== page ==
5 Old-School Wedding Traditions We Still Love
We always encourage couples to toss or reinvent any wedding traditions that don’t work for them—or to make up their own. That said, there are a few old-school customs we’re still big fans of, and think you should be too. While you definitely don’t need to have an even number of wedding attendants, do a first dance or walk down the aisle to Pachelbel’s Canon in D Major, we recommend keeping these five traditions in the mix.
1. Asking for Your Future In-Laws’ Blessing
Take note: This is not the same thing as asking your significant other’s parents for permission. Asking for their blessing is an important, courteous gesture for whoever plans to propose. Because even though marriage is technically a commitment between you two, your decision to get married inevitably affects both of your families—it’s a big deal for them too. Start married life on the right foot with your in-laws by at least keeping them in the loop.
2. Sending Paper Invitations
When it comes to wedding invites, you’ll to want to mail real, formal stationery. In this fast-paced, digital world, paper invites are simply more special. You want to elicit emotion about your wedding, so a sense of touch is important. No need to go crazy with tissues, laser-cut borders and multiple envelopes. Save money and paper with a simple white card stock with laser printing. And for all other prewedding events, like engagement parties, showers and the bachelor/bachelorette, evites are 100 percent okay.
3. Including Something Old, New, Borrowed and Blue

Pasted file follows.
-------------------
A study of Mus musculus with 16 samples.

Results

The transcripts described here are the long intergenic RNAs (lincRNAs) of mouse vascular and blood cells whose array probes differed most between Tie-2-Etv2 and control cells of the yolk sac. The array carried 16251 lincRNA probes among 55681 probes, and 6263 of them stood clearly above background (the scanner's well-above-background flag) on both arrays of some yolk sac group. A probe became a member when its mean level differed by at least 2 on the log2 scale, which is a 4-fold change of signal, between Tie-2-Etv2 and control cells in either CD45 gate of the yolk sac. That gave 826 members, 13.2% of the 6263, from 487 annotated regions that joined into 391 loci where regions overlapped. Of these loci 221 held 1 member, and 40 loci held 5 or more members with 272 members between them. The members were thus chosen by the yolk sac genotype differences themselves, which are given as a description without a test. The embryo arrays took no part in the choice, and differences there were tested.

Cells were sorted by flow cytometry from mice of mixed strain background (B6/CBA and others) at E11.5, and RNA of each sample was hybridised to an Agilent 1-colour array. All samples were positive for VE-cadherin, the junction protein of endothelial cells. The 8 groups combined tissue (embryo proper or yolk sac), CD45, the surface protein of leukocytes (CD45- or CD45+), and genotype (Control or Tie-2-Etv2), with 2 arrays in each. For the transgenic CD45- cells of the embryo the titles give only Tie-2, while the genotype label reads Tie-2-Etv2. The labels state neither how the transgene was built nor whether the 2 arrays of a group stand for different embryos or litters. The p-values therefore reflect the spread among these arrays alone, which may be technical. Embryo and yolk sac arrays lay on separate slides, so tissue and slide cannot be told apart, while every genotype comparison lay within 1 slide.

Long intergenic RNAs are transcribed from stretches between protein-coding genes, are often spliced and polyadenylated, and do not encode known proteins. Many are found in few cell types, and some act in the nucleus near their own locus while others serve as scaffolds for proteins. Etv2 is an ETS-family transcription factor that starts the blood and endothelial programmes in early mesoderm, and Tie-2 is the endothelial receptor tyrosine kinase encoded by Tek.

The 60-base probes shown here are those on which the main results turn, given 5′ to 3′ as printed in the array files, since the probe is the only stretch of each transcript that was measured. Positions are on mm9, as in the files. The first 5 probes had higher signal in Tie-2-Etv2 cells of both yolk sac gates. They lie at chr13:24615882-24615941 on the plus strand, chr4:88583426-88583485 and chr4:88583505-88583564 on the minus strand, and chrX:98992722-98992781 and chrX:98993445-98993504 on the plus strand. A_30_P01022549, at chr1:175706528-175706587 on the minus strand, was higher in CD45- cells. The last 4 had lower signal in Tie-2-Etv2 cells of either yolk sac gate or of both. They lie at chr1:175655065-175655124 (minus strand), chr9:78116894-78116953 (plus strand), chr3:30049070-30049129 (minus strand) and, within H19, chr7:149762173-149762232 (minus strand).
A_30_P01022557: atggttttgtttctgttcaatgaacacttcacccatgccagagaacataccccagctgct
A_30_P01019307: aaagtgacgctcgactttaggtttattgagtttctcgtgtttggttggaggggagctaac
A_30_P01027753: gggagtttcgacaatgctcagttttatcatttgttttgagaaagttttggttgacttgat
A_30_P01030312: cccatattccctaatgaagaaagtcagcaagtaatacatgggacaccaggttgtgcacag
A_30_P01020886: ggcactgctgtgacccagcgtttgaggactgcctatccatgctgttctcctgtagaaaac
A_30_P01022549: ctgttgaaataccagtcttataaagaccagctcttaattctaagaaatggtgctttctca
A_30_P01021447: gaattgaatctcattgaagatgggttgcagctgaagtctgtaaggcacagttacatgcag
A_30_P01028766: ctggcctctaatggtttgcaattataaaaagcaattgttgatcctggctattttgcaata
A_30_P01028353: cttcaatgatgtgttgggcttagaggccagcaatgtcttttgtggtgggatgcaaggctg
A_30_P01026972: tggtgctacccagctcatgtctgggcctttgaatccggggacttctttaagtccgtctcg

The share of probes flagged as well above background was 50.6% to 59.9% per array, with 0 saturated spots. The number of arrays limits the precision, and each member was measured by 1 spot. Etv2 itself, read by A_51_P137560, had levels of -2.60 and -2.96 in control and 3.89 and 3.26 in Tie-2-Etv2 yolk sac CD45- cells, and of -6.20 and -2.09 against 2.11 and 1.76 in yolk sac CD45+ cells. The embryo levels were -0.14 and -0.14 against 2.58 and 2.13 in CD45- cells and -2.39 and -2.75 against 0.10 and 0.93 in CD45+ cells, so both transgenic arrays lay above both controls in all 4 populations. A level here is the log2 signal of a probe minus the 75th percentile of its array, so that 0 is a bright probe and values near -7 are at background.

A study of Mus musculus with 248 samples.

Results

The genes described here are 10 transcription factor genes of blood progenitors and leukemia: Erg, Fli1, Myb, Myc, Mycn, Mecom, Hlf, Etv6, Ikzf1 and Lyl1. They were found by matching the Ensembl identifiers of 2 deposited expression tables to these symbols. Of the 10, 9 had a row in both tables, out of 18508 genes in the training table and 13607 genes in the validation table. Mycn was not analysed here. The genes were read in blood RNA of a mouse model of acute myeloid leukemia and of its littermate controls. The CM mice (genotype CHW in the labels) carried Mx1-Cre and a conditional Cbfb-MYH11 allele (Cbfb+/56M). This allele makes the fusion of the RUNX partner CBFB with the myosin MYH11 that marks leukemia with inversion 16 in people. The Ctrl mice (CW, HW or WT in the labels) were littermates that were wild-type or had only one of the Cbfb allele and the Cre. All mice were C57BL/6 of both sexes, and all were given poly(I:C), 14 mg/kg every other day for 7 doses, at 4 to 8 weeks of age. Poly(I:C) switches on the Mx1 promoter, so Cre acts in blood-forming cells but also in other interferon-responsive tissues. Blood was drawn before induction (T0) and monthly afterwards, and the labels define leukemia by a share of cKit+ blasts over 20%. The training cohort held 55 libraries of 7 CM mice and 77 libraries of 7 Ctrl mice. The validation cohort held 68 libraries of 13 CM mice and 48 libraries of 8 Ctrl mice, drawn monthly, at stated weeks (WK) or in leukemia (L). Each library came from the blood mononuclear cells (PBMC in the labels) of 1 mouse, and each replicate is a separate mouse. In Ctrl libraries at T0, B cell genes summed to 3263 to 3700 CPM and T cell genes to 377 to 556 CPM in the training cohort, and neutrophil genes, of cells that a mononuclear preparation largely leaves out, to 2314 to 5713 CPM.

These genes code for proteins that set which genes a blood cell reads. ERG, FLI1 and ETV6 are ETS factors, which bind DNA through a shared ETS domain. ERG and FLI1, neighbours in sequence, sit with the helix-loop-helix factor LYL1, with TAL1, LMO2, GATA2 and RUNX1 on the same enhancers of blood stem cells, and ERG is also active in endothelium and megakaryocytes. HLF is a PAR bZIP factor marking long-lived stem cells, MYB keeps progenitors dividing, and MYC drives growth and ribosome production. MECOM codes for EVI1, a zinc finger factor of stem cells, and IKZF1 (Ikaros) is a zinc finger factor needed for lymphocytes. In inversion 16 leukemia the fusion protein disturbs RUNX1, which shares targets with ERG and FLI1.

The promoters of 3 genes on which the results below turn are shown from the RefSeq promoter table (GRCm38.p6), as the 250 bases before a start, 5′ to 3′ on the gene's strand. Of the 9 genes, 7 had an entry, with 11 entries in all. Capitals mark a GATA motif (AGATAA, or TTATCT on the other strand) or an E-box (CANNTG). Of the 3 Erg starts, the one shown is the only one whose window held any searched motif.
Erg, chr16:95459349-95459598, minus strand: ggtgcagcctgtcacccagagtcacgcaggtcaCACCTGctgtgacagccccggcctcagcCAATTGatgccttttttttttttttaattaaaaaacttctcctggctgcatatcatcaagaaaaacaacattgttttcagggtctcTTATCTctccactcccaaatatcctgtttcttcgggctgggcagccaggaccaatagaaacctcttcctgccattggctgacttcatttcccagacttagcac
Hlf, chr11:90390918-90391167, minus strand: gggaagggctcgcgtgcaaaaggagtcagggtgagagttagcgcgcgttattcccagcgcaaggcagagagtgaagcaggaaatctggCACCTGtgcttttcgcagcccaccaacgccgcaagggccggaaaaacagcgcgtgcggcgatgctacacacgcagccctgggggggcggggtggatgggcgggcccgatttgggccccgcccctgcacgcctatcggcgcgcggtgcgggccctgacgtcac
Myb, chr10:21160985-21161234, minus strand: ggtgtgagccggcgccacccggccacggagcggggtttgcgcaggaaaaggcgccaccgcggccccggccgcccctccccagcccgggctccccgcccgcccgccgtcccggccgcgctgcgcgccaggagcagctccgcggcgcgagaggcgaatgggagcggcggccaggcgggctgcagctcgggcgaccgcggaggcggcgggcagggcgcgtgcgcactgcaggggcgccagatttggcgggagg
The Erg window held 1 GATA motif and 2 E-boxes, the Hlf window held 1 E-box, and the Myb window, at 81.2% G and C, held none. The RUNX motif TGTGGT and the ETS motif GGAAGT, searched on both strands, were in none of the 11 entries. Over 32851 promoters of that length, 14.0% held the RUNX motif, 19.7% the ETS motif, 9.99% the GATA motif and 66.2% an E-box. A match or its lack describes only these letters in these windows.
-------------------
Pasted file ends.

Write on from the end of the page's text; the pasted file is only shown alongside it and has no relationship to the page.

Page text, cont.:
This tradition comes from an Old English rhyme about the good luck charms a bride shouldn’t wed without. “Something old” represents continuity; “something new” offers optimism for the future; “something borrowed” symbolizes borrowed happiness; and “something blue” stands for purity, love and fidelity. But we don’t just love it because it rhymes—these sweet additions are typically sentimental and symbolic tokens of love from a parent, sibling, grandparent, other relative or attendant (but you’re welcome to give them to yourself). It’s a meaningful tradition that requires minimal effort, money or pressure, and lets you keep your loved ones close to you on your day.
4. Creating a Wedding Registry
The it’s-your-wedding-so-treat-yourself philosophy may not speak to you, and we totally get it. Many find it odd, even uncomfortable or guilt-inducing, to specify which wedding gifts they want to receive on their registry. But please, please don’t feel guilty! Your friends and family want to give you something special to commemorate such a big step and help you start newlywed life off right. It also helps take the guesswork out of gift-giving for guests, so they’ll thank you. This is your chance to ask for anything—from dream kitchen appliances to donations to a cause close to your heart—so why not take it?
5. Writing Thank-You Notes
Handwriting thank-you notes is, by far, the best and most personal way to express your gratitude for presents, or simply your guests’ attendance at the wedding. Let your aunt know how much you appreciated both her contribution toward your dream safari honeymoon and her amazing effort to fly across the country to witness your “I dos.” People love—seriously, love—receiving thank-you cards (and there’s an actual study to prove it). It shows you truly appreciate the time, money and energy put into getting a gift for you and being there on your day.